Ben Lowry: Bamako – an impoverished city near to the Sahara desert

Poor countries such as Mali lack the special forces skills of western nations, so it was good to see French special forces among those who helped the Malian forces end the siege at the Radisson Blu in Bamako, writes Ben Lowry. Above, security forces inside the hotel. (Mali TV ORTM,  AP)
Poor countries such as Mali lack the special forces skills of western nations, so it was good to see French special forces among those who helped the Malian forces end the siege at the Radisson Blu in Bamako, writes Ben Lowry. Above, security forces inside the hotel. (Mali TV ORTM, AP)

This is tragic news from Bamako, a fine city with a Sahara feel that I visited in 2006 after a two-day train ride into the African interior from Dakar, on the coast of Senegal.

The main problem then was poverty so acute (in one of the world’s poorest countries) that people are constantly – and understandably – trying to get some business out of a westerner.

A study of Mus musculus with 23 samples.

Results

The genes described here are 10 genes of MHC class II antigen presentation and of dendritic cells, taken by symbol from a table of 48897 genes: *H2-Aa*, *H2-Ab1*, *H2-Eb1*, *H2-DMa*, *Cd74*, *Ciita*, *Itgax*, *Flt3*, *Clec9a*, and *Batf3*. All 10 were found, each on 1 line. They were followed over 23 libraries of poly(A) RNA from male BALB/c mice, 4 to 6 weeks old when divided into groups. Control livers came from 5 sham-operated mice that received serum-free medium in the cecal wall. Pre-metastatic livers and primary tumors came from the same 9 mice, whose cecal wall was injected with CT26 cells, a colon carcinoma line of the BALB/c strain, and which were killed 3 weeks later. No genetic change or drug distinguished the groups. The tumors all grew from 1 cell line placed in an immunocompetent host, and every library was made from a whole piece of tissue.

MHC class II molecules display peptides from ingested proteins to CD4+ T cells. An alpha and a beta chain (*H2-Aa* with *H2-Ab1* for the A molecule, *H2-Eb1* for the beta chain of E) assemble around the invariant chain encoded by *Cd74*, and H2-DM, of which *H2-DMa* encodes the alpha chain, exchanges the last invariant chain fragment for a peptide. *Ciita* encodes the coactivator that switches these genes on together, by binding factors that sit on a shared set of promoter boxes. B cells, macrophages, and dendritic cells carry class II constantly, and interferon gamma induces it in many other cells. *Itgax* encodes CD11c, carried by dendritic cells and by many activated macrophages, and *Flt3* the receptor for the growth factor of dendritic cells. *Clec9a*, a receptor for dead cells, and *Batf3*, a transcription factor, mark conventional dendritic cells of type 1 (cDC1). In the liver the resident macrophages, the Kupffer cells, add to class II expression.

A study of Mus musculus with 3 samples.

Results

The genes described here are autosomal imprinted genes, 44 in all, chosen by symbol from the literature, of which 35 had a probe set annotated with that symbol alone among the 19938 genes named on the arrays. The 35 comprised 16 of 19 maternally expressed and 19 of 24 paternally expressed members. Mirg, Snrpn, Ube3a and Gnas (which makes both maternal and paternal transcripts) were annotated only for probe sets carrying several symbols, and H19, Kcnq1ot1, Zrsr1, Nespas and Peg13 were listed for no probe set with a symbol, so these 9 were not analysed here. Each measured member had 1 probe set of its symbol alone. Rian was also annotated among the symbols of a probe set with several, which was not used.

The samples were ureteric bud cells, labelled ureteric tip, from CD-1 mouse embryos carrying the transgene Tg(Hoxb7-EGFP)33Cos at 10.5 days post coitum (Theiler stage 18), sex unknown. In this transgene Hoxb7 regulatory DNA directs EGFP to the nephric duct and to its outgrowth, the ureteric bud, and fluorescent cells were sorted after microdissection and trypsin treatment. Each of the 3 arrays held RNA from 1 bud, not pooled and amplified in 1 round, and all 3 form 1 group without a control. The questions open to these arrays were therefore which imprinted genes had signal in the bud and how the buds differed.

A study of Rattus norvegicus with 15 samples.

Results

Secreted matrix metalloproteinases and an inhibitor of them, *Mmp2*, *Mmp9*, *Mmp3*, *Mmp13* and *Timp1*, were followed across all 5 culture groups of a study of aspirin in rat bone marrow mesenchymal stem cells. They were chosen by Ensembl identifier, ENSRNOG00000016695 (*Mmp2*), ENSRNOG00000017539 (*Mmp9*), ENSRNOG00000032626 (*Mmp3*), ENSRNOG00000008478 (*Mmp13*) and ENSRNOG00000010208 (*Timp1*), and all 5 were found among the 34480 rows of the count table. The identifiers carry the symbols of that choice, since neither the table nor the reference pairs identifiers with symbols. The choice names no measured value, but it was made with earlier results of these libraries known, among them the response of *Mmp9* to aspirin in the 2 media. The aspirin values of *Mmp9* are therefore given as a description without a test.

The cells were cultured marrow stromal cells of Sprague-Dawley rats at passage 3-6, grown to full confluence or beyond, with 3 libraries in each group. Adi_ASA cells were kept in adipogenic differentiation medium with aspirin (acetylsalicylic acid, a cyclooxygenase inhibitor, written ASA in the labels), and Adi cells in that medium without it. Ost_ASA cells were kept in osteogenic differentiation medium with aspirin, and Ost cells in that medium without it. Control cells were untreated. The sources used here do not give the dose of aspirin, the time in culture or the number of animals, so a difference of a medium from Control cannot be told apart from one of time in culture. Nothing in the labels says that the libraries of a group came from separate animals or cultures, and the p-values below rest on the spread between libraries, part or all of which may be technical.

Ben Lowry News Letter Deputy Editor 2014

Ben Lowry News Letter Deputy Editor 2014

But I had no sense of it being unsafe or unstable, and I walked extensively around the city and past slums before I was clobbered with dysentery and malaria, which prevented me travelling on to Timbuktu.

I remember visiting an upmarket hotel one evening near the river, and seeing Germans and British people sitting round the terrace – the sort of people who have now been killed.

In such a comfortable setting a sudden violent death is far from your thoughts.

Years later the north of the country was seized by Islamic extremists but not the capital.

Poor countries lack the special forces skills of nations such as the UK so it is good that French forces (Mali was a French colony) helped retake the Radisson Blu.